What mums don’t want this Mother’s Day
By Gabriella Munoz
If it hadn’t been because I checked my calendar, I would have forgotten my wedding anniversary—again. I had less than 24 hours to buy a present for my 11-year anniversary and wanted to make it special after all this is the man with whom I share my day-to- day, who is patient with me, cooks my meals, and is a wonderful father to our two babies. After a couple of hours, I stumbled upon a shop I know he loves and found what I thought was the perfect gift—and he loved it, which is the most important thing. But in the two hours I spent walking around Melbourne Central and QV like a headless chicken, I caught myself about to buy things I would dislike if someone gave me, for example, a gift voucher to the movies, a shaving kit, cookies, clothes with funny sayings or coffee mugs, which is what I got for Mother’s Day last year.
This will be my third Mother’s Day. I had extremely high expectations for the first one. My materialistic self was expecting a lot but, to my surprise, I got pretty flowers 24 hours after Mother’s Day. I was grateful but resentful.
My second Mother’s Day started with my two children giving me cuddles and then going to a nice restaurant for lunch. But the huge effort my husband made to get me the perfect present was in vain. In fact, I would have preferred not to get any presents and just enjoy a delicious meal with my family.
This year, after exploring all the stuff that most shops have prepared for Mother’s Day, I was appalled—and I forgave my husband for last year’s fiasco. Who in his right mind thinks women who work non-stop raising kids and at an office want pyjamas that say ‘Best Mum Ever’? I get it, sometimes there is no time and one just goes to the nearest Coles and buys the crappy coffee mug with chocolates, but there has to be a better way. In fact, if I have to choose between the crappy coffee mug and nothing, I chose nothing.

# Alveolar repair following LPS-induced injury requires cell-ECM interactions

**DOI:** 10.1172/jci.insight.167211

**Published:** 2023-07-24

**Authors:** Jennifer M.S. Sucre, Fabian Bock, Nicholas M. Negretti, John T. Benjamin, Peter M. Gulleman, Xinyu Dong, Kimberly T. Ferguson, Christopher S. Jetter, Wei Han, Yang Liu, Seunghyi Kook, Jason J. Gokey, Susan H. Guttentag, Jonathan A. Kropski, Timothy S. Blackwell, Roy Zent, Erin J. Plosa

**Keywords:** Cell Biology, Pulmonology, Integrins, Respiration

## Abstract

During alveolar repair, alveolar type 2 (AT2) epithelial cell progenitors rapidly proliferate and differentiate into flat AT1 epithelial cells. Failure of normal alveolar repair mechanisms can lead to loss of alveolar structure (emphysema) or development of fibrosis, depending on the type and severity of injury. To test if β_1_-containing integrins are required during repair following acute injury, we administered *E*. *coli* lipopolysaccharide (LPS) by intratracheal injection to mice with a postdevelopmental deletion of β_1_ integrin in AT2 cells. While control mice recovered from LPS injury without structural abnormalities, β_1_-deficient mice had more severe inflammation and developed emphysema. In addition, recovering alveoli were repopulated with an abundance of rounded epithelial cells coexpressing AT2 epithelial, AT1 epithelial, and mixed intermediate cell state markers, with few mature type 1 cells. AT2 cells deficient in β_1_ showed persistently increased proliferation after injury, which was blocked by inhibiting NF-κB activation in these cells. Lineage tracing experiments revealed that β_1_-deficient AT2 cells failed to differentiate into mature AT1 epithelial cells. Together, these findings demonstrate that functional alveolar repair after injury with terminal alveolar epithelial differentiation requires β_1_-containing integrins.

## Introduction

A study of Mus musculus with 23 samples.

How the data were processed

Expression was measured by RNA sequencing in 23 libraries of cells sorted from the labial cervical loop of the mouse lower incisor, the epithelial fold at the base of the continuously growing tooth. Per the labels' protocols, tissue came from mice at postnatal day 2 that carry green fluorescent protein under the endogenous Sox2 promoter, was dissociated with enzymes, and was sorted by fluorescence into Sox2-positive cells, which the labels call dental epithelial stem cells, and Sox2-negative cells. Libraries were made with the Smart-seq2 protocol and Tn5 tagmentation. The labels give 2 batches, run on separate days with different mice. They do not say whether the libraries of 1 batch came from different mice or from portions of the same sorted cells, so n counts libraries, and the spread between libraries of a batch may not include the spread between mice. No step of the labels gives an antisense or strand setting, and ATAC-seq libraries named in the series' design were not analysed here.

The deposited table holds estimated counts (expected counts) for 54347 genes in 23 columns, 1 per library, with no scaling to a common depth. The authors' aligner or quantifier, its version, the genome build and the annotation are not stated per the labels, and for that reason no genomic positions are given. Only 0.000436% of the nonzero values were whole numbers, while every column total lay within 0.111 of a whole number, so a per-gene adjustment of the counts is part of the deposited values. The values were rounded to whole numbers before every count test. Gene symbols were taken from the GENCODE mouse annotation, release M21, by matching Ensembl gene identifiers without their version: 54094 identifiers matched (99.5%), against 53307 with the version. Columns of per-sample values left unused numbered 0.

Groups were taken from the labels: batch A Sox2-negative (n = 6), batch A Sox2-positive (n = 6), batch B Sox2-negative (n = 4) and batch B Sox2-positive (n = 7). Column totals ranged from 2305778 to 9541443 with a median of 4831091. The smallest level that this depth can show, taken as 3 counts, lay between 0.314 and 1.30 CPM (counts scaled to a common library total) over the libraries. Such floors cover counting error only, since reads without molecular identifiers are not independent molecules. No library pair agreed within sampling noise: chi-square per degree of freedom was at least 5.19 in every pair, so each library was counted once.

My friends feel the same way. After talking about my traumatizing shopping experience, they agreed: no pyjamas, no t-shirts, no slippers, and no pink things that say ‘You are the best mum’. Here are a few other things mums don’t want this year: Chocolate. Fathers and offspring, please, as tempting as it may be—and even if you have heard us say chocolate is always the perfect gift—don’t do it. Chocolate is a mother’s best friend: it has much-needed sugar and caffeine but, despite its goodness, chocolate is so no bueno for us. Some of us are still struggling to get rid of the baby weight, others have a stash ready to use in case of emergency—and it’s big enough to last a year. Clothes with funny sayings. As desperate as we may be because we haven’t had time to fold those five baskets of clean clothes, or because we washed everyone’s clothes except ours, we will never use that piece of clothing for work. We won’t use it to go to the gym. We won’t sleep with it, so don’t waste your money.
Tea or coffee, or coffee mugs. Another great idea! But perhaps for when we have children over 18. Most mums are only allowed to drink tiny quantities of hot and delicious beverages when their offspring are young—they cry, fall, forget their homework, get sick and need us 24/7 so we don’t drink fancy coffee or tea every day and if we do, it’s cold and has a layer of dust because it has been sitting on the kitchen top for at least five hours. And chances are little hands will drop the gorgeous mug you got at the fancy vintage shop.
Wine. As much as we love wine o'clock, wine is a pantry staple when there are toddlers or teenagers at home so there is no need to buy an extra bottle to celebrate Mother’s Day.
Spa vouchers. Unless it comes with a nanny voucher attached, these are no good.
Who will take care of the children while we are away having a massage on a Monday morning? Who has time for a massage on a Monday morning?
Flowers. These shouldn’t be a Mother’s Day staple. Buy flowers for the women and men in your life as often as you can. They make everyone feel loved and valued every day of the year.
Household appliances. Nothing says 'thank you, mummy, like a blender, right? Well, you are wrong. Need a blender, washing machine or iron? Don’t assume this a good present for your mum. Think it’s great? Save it for Father’s Day and then ask your dad how much he liked it.